The Moscow Times Remembers: John Monaghan

John Monaghan (L)

In the run-up to Victory Day on May 9, when Russia commemorates 70 years since the Allied victory over Nazi Germany, staff members at The Moscow Times describe the wartime experiences of their own families.

Today, web editor Jennifer Monaghan tells the story of her grandfather.

My grandfather John Monaghan was 17 ½ years old when he signed up to join the British Royal Air Force in 1942, though he had to wait another six months before he was accepted. In the meantime, he was engaged in war work — electrical wiring — which he had been doing since the age of 15. This stood him in good stead when he later became a wireless operator in Bomber Command's No. 166 squadron.

Granddad was put on operational duty in February 1945, joining six others — five Canadians and a Brit — in the seven-man crew of a Lancaster Bomber. As a wireless operator, it was his job to listen out for messages from base, giving information on weather, any changes of course and recalls. He was the only point of contact between base and the bomber stream.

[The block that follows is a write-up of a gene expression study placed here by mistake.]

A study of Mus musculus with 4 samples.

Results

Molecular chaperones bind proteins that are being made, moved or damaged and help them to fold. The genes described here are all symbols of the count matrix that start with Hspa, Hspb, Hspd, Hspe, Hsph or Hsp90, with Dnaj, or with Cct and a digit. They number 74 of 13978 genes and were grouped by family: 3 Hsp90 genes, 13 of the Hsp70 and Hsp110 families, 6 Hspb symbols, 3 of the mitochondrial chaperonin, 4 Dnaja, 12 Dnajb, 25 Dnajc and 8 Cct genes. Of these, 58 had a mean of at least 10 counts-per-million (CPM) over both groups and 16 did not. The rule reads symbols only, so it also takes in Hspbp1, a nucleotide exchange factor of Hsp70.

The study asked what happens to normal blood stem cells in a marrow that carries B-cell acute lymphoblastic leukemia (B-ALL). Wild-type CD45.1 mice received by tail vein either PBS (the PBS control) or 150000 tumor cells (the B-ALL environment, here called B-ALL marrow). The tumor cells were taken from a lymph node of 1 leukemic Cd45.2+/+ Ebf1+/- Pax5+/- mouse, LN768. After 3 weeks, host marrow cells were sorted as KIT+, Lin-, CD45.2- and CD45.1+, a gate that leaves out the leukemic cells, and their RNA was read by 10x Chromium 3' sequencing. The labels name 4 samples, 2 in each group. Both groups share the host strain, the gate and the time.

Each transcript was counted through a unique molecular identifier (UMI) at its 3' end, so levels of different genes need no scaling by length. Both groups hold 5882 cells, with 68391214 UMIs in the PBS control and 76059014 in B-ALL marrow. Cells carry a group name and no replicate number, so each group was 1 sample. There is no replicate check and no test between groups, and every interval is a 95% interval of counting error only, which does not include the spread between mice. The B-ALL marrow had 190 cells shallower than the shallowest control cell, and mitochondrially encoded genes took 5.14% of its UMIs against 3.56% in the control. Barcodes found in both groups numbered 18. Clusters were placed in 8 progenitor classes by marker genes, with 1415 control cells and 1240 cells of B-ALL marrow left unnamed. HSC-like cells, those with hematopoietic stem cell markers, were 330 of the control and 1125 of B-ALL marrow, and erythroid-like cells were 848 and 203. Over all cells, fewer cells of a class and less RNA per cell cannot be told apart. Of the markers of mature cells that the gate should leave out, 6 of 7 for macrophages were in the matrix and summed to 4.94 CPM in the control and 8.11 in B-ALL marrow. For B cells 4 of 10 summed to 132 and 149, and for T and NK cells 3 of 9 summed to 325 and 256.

My grandfather flew about 14 or 15 raids during the war, both during the day and at night. He says that he once went to Berlin — a 9 ½ hour round trip that involved flying hundreds of kilometers of diversionary routes to avoid enemy gun emplacements.

In the 10 days before the formal conclusion of the war in Europe, Granddad took part in "Operation Manna," a humanitarian mission over enemy-occupied Holland. Thousands of Dutch people were dying from starvation and a truce was agreed to allow the bombers to fly over and drop much-needed food parcels.

It was during this operation that my grandfather saw his first German AKAK anti-aircraft gun and its crew as his plane approached the Dutch coast. Flying at about 15 meters above the ground, the bomber dropped basic food supplies "and a few bars of chocolate from the crew members" over The Hague and several other settlements.

The European war was formally brought to an end on May 8 — celebrated in Russia on May 9 — but to my Granddad it was "just another day, really." Several days later he was back in training to go out to the Far East, though the dropping of atomic bombs on Hiroshima and Nagasaki in August 1945 brought a swift end to the conflict.

Of the 7,373 Lancaster Bombers that took part in operations during World War II, a total of 3,345 were lost, according to RAF statistics. Granddad's own plane was turned to scrap shortly after the war — his crew flew the plane down to the scrapyard themselves and taxied back in another Lancaster. There are now only two such planes left in existence, one in Britain and one in Canada.

Granddad left the RAF in March 1947 when he was demobbed — given "a full suit, a trilby and a raincoat" to return him to civilian life. All the suits and raincoats were the same, however, so the ex-servicemen didn't blend into civilian society any more than they had done in a full uniform.

The views expressed in opinion pieces do not necessarily reflect the position of The Moscow Times.